Japan Knocks U.S. Out of Contention With a Swing Shift

Baseball: Americans and Benson pounded in 11-2 defeat. Japanese will meet powerful Cuba for gold medal.

August 02, 1996|MIKE KUPPER | TIMES ASSISTANT SPORTS EDITOR

ATLANTA — So the United States gets clobbered in baseball at the Olympics, 11-2.

That's a little surprising, but then Cuba is the power of the world in international ball and has been for years. . . .

What's that? Not Cuba? Japan?

Japan beat the United States, 11-2, on Thursday?

Japan hit five home runs? Japan got 15 hits?

No way!

Japan? Japan plays little ball. Japan bunts for base hits, moves the runner, squeezes runs home one at a time.

Apparently, somebody forgot to tell the Japanese. But someone must have told them this was a metal game. Not medal, metal, as in aluminum bats. For in this semifinal, Japan came out swinging and, for all practical purposes, had the game won by the fifth inning.

And that wasn't the only surprise. They crossed up the United States on their starting pitcher and the one they chose, right-hander Masanori Sugiura, might just as well have been Hideo Nomo, as far as U.S. hitters were concerned.

He shut out the Yanks for five innings. When he finally tired in the sixth, giving up a two-run homer to designated hitter Matt LeCroy, Takeo Kawamura came in and held the United States hitless the rest of the way.

What it all added up to was an appearance tonight for Japan in the gold-medal game against Cuba, which also played long ball and whomped Nicaragua, 8-1. The United States and Nicaragua will play for the bronze medal.

"Five homers and 15 hits and not a blooper among them," marveled U.S. Coach Skip Bertman of Japan's attack. "Then Sugiura pitched great for them and Kawamura gave them no-hit relief. Baseball is the greatest game in the world but the best team doesn't always win. And, frankly, I was worried about them. We've gone 70-10 over a two-year period and beaten Japan three times. It's pretty tough to beat them a fourth time.

"We pitched the best pitcher in America, at the amateur level. That was a tough one."

Tough, too, for Kris Benson of nearby Marietta, Clemson and, shortly, the Pittsburgh Pirates. He is the pitcher Bertman was alluding to, the one the Pirates made the No. 1 pick in the recent draft and the one Japan used for batting practice.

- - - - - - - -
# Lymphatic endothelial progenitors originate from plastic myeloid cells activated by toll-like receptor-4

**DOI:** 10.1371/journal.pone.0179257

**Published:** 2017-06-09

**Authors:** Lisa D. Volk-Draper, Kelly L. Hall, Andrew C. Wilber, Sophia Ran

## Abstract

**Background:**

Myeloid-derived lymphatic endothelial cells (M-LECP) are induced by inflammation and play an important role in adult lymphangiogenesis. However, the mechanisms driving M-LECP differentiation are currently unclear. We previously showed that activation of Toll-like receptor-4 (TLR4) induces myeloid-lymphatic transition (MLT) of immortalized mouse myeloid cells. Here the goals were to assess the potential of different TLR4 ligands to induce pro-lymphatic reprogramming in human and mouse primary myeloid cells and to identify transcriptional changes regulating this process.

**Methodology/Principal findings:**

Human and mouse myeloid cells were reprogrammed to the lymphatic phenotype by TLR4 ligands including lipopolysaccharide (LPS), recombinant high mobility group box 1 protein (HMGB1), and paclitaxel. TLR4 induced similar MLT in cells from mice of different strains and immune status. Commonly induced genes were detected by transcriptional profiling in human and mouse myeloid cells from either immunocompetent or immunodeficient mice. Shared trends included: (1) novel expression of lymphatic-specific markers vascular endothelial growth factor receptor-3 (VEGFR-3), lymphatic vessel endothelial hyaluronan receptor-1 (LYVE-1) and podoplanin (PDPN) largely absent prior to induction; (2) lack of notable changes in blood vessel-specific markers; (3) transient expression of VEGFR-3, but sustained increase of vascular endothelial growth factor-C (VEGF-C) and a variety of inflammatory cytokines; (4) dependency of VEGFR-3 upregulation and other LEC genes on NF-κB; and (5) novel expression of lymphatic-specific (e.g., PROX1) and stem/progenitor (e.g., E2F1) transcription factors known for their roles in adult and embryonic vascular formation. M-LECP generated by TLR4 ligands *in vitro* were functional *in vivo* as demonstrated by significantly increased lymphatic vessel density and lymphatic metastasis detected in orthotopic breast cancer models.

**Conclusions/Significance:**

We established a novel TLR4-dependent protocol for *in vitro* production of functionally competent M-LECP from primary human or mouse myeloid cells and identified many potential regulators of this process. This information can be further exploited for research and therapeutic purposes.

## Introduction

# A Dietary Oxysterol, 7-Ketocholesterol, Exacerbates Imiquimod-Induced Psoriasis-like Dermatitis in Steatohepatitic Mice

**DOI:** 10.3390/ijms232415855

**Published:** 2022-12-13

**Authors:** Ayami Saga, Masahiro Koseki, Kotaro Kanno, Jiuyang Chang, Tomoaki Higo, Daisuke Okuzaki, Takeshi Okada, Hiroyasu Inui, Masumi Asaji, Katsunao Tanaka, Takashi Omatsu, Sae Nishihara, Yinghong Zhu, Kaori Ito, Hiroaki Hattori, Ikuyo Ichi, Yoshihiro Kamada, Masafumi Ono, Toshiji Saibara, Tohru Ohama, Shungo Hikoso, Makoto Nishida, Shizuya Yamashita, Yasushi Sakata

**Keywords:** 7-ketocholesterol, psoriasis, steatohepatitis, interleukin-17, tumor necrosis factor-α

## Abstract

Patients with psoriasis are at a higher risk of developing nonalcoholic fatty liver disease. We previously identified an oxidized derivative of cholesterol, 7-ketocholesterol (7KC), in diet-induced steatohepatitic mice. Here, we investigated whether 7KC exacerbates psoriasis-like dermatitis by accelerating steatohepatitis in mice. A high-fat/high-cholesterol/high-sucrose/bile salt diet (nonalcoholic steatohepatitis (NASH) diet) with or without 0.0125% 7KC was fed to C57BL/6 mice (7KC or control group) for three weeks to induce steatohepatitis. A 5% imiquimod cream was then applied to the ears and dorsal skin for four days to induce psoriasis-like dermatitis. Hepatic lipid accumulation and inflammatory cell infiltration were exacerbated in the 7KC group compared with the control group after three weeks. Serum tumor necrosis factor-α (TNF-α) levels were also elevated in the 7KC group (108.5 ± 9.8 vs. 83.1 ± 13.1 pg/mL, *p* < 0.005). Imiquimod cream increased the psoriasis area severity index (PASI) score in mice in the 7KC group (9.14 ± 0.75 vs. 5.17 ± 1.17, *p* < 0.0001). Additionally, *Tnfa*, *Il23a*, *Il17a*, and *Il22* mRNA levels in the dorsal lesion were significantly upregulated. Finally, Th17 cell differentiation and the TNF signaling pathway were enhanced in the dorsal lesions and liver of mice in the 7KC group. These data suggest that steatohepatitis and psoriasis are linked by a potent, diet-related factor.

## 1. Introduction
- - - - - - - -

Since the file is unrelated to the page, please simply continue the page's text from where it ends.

If his teammates were surprised to see Sugiura stride to the mound for Japan--"We thought they might go with [lefties Masao] Morinaka or [Hitoshi] Ono," Bertman said--Benson was equally surprised at the treatment he got.

Catcher Hideaki Okubo swatted a homer over the right-field wall leading off the second. Third baseman Makoto Imaoka launched a two-run shot to left three batters later and Benson was three runs behind.

"They stayed back and were patient," he said. "When I make a good pitch and someone hits it, I'm surprised. But they're a good hitting team.

"A loss is a loss but if I had a chance to turn in all 21 of the wins I had this year, for this one, I'd turn 'em in."

A counterattack, of course, can help a pitcher get past a poor start but that wasn't happening for Benson.

"We didn't even hit the ball well when we made out," Bertman said.

LeCroy's homer was the only shining moment for U.S. batsmen and even that was brief. Japan got those two runs back in the seventh and went on from there. Jacque Jones of USC and Travis Lee of San Diego State each had two of the six U.S. hits but Japanese pitching bamboozled the rest of the lineup and Mark Kotsay of Cal State Fullerton, one of the best hitters in college baseball, struck out four times.

So now it's Cuba for the Japanese.

"We've been practicing for 3 1/2 years to beat Cuba," Japanese Coach Katsuji Kawashima said. "We'll do everything we can do to beat them."

Cuba won its semifinal against Nicaragua, wiping out a 1-0 deficit with a three-run homer by designated hitter Orestes Kindelan in the fourth inning, then getting a second three-run shot by catcher Juan Manrique in the sixth.

"Those two balls are still traveling to the moon," said Darin Van Tassell, Nicaragua's American coach.

The first of the bombs was all Cuban Coach Jorge Fuentes needed, however. With left-hander Osmany Romero struggling in the sixth, Fuentes went right to his hard-throwing reliever, Omar Ajete, who checked the Nicaraguans the rest of the way.

"The two home runs turned the ballgame around and our pitching was overpowering for half the game," Fuentes said.

Right, Van Tassell said, pointing out that the Cubans had Ajete throwing in the bullpen as early as the first inning.

"They clearly rolled the dice today." he said. "But Ajete really shut us down. I was a little surprised he went as long as he did."

Asked if he thought Ajete would be able to come back today, Van Tassell said, "It's hard to come back from four innings but I expect he'll be ready. It is the gold-medal game."

Fuentes said, "We don't think he pitched too many pitches. We'll have to talk to him and see how he feels but I think he could pitch 40 pitches [today]."

Ajete agreed, saying happily, "I could pitch the necessary innings for winning the championship."